Re: [PATCH 20/40] arm,kgdb: Add hook to catch an oops with debugger

From: Jason Wessel
Date: Mon Jan 18 2010 - 09:30:38 EST

Russell King - ARM Linux wrote:
> On Thu, Jan 14, 2010 at 02:29:54PM -0600, Jason Wessel wrote:
>> Russell King - ARM Linux wrote:
>>> I have a similar patch which implements the hook properly - but
>>> with one caveat. It needs a review to ensure that its safe to return
>>> from die(). Until that's established, this patch can not be merged.
>> I completed the analysis on your patch and yes, it is safe to return
>> from __die() and die() the way you currently structured it, but it
>> doesn't work quite the same as on some other architectures.
>> After changing kgdb.c to register with the die notifier, I stepped
>> through your code with an ICE, as well as running my regression tests
>> which panic, oops, bad access etc...
>> While kernel execution does happen to continue to work, I don't know
>> that you really want to continue execution.
>> 1) The kernel is marked tainted
>> 2) bust_spinlocks() was toggled for a while
>> On x86 for example, the notifier is invoked prior to the
>> bust_spinlocks() etc... and then it can pass the exception along to
>> the rest of the system (which can result in something bad, but
>> remember the human behind the kernel debugger controls did it for some
>> reason or another).
> On x86, it's called in multiple places - both before die(), and also
> inside __die().
> In __die(), notify_die() gets called with DIE_OOPS. There's also a
> pile of notify_die() calls in arch/x86/kernel/traps.c, which we don't
> implement on ARM yet - it's unclear what's required here, and until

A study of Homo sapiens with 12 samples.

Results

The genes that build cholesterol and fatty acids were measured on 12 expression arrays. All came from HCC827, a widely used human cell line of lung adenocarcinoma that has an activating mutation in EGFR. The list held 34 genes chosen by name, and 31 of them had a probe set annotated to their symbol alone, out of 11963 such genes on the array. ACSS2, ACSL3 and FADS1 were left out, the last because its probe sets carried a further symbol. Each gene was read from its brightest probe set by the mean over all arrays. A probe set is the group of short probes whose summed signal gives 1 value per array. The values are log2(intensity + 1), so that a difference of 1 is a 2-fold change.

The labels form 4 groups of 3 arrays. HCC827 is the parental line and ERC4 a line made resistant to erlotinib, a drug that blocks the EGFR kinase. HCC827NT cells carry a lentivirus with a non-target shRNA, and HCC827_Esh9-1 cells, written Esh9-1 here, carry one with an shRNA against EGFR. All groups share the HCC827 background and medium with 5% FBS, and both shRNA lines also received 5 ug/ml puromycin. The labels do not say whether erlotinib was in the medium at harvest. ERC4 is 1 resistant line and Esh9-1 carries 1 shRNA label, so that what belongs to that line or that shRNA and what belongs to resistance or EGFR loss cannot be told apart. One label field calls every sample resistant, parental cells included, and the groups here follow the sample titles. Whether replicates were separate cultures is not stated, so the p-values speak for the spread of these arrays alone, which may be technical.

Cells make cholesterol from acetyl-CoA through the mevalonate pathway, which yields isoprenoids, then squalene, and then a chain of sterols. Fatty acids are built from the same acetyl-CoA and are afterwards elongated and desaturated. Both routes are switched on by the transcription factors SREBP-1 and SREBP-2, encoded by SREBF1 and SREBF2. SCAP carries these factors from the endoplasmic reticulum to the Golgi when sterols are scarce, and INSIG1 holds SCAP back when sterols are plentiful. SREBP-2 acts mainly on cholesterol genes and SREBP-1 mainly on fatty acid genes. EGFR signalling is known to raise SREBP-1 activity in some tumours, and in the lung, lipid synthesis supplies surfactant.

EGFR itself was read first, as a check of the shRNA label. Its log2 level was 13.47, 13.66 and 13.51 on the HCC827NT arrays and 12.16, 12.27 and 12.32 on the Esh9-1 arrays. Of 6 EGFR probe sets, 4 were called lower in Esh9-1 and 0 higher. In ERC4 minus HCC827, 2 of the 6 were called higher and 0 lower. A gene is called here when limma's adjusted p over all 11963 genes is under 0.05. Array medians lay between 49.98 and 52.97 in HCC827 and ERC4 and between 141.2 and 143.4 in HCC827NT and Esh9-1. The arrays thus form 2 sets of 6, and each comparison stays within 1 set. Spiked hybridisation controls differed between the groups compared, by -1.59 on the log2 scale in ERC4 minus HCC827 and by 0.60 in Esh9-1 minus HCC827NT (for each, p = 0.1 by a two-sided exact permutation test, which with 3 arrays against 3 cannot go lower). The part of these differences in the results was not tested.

> we have a user of notify_die()...

Initially I was just looking to get the memory violation tests to pass
on ARM, where the kernel debugger can catch an invalid memory write for
instance. That means anything that generates any kind of system fault
should jump into the debugger via the die notifier. There might be
other places for this on ARM, but I figured we could start with the
passing the memory fault tests first.

>> I made the following addition to your patch, and then it behaved as
>> the other archs do with respect to passing along the result of the
>> exception. Given this information, would you be willing to merge your
>> patch and possibly fold in the change below, or further comment?
> This changes the behaviour away from x86, so I'm not sure it's the
> right thing to do. For instance, it means that kexec won't get to
> know about the oops on ARM if NOTIFY_STOP is returned, whereas on
> x86 it will.
> Maybe this hook wasn't meant for kgdb - what does kgdb use on x86?

On x86, kgdb uses the notify die hook. It is possible that there are
some inconsistent uses of the notifiy_die(), but the general idea is
that any user in the hook path can elect to consume the exception and
allow the system to restore.

In terms of kgdb's use of this, I have only found it useful for
programmatic testing of exception cases. Specifically when using kdb,
the default are always to propagate exceptions unless it was a
breakpoint or single step exception which was set by the kernel debugger.

That being said, you patch works for the purpose of catching the
exception and returning with or without the addition of an earlier
return before bust_spinlocks() which I had proposed.